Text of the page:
We recently conducted a survey of sales and sales operations leaders to get a grasp on how most organizations are approaching their Annual Operating Plan. While some of the results were no surprise to us: people start their plans months in advance, planning takes a long time, and modeling scenarios is challenging (note we did a full-blown blog about that here), there were other results that show significant room for improvement on how sales leaders can approach their sales plans. Below we’ve highlighted a few of the most interesting statistics from our survey and provided a few tips on how you can improve your sales planning.
Only 22% of Sales/Sales Ops Professionals think they’re good at tracking the accuracy of their assumptions
Assumptions are not facts, so we cannot stress the importance of monitoring your actuals against your plan on a regular basis to not only verify your assumptions, but to also track your current and future sales performance. If your assumptions are off, your entire plan could be ineffective and leave you at risk of missing your sales targets. Keeping tabs on how good of a job you did/ are doing with your assumptions in the first place will reduce the number of unexpected surprises you're destined to have within the year.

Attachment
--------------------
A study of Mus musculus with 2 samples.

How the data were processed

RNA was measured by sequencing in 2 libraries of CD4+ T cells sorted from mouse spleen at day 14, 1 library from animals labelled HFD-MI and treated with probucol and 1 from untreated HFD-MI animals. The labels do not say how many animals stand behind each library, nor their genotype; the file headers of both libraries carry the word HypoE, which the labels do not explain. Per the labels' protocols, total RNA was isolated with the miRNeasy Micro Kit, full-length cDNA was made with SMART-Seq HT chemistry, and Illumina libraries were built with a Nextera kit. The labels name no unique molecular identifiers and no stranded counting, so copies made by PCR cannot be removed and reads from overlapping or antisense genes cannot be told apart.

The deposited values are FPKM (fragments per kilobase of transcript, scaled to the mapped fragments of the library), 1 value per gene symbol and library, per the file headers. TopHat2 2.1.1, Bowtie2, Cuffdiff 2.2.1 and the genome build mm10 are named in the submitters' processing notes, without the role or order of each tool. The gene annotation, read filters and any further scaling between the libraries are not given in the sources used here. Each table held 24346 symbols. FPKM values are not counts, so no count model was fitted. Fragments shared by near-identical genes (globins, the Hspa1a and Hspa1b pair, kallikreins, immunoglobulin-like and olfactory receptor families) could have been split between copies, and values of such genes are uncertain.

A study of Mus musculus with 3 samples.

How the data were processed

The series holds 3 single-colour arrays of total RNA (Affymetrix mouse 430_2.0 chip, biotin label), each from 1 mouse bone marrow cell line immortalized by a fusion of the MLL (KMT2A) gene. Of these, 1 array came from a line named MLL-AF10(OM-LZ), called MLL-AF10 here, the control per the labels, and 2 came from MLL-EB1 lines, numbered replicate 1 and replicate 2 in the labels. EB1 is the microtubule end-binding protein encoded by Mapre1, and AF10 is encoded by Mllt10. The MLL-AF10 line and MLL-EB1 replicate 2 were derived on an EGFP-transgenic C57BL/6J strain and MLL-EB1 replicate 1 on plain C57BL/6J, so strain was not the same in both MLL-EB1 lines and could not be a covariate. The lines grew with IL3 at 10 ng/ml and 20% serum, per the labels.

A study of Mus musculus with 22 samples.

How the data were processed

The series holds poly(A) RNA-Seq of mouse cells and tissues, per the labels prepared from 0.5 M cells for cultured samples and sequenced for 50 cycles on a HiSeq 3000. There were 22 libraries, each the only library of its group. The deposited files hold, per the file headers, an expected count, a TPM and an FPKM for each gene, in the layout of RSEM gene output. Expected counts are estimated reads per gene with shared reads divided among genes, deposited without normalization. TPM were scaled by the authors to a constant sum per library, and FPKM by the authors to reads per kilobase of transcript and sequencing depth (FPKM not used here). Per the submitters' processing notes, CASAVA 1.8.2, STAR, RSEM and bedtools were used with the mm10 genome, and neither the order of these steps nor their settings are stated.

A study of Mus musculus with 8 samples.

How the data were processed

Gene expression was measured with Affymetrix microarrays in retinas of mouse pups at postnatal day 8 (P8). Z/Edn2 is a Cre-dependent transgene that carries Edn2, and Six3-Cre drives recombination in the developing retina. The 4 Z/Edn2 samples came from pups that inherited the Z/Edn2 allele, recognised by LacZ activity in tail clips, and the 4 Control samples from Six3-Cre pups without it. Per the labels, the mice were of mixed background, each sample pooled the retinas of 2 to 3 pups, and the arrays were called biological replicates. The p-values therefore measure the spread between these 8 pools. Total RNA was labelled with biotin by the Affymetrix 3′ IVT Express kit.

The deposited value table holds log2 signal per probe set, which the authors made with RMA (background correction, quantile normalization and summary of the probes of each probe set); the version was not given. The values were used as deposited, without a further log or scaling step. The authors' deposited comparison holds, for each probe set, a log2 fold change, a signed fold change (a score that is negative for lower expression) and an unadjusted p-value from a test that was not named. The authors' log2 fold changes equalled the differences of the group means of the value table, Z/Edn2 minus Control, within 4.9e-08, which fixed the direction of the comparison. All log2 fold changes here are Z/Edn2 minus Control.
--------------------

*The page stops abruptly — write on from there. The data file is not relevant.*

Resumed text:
35% of sales pros don’t know what a 1 month hiring delay would cost them
We know that creating scenarios of your sales plan can be difficult, but we are living in the data age, so having the ability to identify how a delay in hiring or inaccurate assumptions will affect your business is not an extraordinary request. Hiring delays can have a huge impact on your bookings by delaying them or not having enough coverage to close out deals in the pipeline. So if you’re missing targets, we advise that you examine if how well you stuck to your hiring plan, and while you’re at it, check to see how long it’s taking your reps to become fully ramped.
61% of companies allow 3+ people to make changes to their sales plan model
We are all about collaboration at OpsPanda and encourage multiple stakeholders to work together and agree on a viable sales plan. However, what concerns us about this particular statistic is we’ve seen far too many Excel errors and version control errors that lead to detrimental results for organizations. In fact, 90% of spreadsheets contain errors. So if your creating your plans in Excel (as many companies do), keep in mind that the tool wasn’t built for planning dynamic business models and you’ve probably already outgrown it. If you aren’t ready to make the jump to getting software that can help alleviate some of the Excel pain, make sure you have someone who is in charge of maintaining and updating your plan; too many cooks in the kitchen could lead to some expensive mistakes.
Download our state of sales planning infographic to see more interesting stats.
When it comes to sales planning, there’s still a lot of work to be done to improve processes. As you close out the first month of the year, make sure you use your plan to provide you with visibility and insights into your business that will help you improve and grow.
P.S. Huge thank you to all who participated in our survey.